Anton McNulty

The Minister for Health has revealed that 38 women travelled to the UK from Mayo to have an abortion in 2016.
UK records state 3,265 women gave an address in the Republic when attending clinics in England and Wales that year. Of that figure, 38 were from Co Mayo.
Minister for Health, Simon Harris confirmed the figures on the number when opening the debate on the report of the Oireachtas on the Eighth Amendment in the Dáil last Wednesday.
The Oireachtas Committee on the Eighth Amendment recommended a series of changes to Ireland’s abortion legislation, including allowing terminations up to 12 weeks into a pregnancy.
Minister Harris told the Dáil that abortion is a reality for women living in Ireland, and one that is not going to go away.
The Dáil also heard that according to records, over 1,200 of the women who went to the UK were aged between 30 and 39; over 1,500 were aged between 20 and 29; and 255 were aged 40 or over. Teenagers accounted for 230, while ten were girls under the age of 16. Over half of the women who travelled were married, in a civil partnership or in a relationship.

Party split
In a unexpected announcement, Fianna Fáil leader, Micheál Martin told the Dáil that he supports repealing the Eighth Amendment and the introduction of abortion on request in the first three months of pregnancy, and in specific circumstances thereafter.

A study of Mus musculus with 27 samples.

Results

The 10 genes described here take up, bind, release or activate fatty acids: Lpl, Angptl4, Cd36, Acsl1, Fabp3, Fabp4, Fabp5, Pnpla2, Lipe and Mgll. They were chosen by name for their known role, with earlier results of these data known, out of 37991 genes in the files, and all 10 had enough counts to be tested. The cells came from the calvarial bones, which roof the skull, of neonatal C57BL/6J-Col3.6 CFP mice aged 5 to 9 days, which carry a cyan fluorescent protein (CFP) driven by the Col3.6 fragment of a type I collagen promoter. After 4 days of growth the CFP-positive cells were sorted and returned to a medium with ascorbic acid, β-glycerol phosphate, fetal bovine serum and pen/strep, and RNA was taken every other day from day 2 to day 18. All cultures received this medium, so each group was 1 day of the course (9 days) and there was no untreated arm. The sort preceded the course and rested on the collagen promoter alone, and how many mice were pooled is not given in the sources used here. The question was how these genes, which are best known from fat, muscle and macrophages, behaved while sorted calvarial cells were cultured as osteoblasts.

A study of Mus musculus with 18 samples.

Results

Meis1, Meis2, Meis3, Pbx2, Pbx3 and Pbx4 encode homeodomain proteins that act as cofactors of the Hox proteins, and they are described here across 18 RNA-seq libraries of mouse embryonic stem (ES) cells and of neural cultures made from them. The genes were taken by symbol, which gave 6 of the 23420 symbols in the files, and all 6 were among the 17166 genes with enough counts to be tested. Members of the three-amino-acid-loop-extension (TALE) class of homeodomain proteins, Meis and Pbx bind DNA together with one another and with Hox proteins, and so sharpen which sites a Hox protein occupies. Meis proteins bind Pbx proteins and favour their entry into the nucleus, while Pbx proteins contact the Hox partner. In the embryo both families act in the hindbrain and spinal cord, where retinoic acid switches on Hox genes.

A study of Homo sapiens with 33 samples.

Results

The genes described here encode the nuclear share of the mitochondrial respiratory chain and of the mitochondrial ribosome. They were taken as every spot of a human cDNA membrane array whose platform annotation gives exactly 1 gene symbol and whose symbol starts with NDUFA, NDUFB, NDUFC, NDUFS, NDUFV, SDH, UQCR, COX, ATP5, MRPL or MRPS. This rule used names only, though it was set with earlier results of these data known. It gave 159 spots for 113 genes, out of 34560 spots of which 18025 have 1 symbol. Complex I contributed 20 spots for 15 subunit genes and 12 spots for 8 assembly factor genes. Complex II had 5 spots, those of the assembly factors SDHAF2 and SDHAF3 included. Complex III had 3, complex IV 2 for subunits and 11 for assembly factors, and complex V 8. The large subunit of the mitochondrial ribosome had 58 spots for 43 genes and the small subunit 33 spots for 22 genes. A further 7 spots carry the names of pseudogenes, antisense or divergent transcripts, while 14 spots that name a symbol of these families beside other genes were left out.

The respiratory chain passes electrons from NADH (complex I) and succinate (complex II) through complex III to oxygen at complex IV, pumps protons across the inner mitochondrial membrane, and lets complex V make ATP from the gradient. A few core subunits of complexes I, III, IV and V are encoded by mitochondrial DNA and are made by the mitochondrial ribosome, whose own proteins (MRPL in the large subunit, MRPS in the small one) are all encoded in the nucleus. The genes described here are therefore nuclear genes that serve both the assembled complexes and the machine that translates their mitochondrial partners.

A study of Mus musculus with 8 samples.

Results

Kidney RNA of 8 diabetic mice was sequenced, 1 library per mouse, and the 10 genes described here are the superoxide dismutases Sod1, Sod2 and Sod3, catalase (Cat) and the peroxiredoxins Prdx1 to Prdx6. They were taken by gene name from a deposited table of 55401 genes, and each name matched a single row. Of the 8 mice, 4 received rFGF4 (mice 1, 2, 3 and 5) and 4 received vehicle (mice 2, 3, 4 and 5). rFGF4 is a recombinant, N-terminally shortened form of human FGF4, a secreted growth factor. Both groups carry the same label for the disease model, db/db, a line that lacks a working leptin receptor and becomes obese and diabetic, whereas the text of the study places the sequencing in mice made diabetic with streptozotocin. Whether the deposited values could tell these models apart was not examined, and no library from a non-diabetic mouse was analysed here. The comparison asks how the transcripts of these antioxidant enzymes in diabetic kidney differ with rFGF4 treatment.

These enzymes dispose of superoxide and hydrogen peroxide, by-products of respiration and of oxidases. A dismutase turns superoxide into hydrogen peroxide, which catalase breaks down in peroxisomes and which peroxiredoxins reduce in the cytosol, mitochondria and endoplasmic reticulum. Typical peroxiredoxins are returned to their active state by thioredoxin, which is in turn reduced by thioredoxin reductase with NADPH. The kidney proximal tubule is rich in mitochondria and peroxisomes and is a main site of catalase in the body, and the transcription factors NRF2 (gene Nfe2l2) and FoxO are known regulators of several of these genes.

Mayo Fianna Fáil TD, Lisa Chambers, who was sitting beside her party leader when he delivered the speech, supported his views. In a tweet she wrote; “Incredibly proud of my party leader @MichaelMartinTD today, a watershed moment in this debate.”
However, Mr Martin’s decision to support the repeal of the Eight Amendment has split the party, with some of his front bench taking a different position. Among them is Ballina-based TD and Fianna Fáil spokesperson on Public Expenditure and Reform, Dara Calleary who said the recommendations of the Oireachtas Committee went too far.
“It is far too far for me. I know this is a difficult decision for everybody, and I’m not claiming to have the monopoly on the wisdom of this issue. Everyone will have to make their own personal decision on this, and people should consider all of the arguments.
“There are a lot of arguments not being heard in this debate, and I would hope that in the next few weeks and months those arguments will be heard in relation to some of the evidence presented to the joint committee and citizens’ assembly. In circumstances that are being presented to us, I will be voting to retain the eight amendment,” he told Midwest Radio.
Both deputies Calleary and Chambers accepted that there were differing views in their party, but called for there to be respect for those views.
“We need to have respect that these views are deeply held and held out of various different value systems, and we should respect the right to have a different view. If we respect that we can have a debate which is informed and not divisive,” Deputy Calleary said.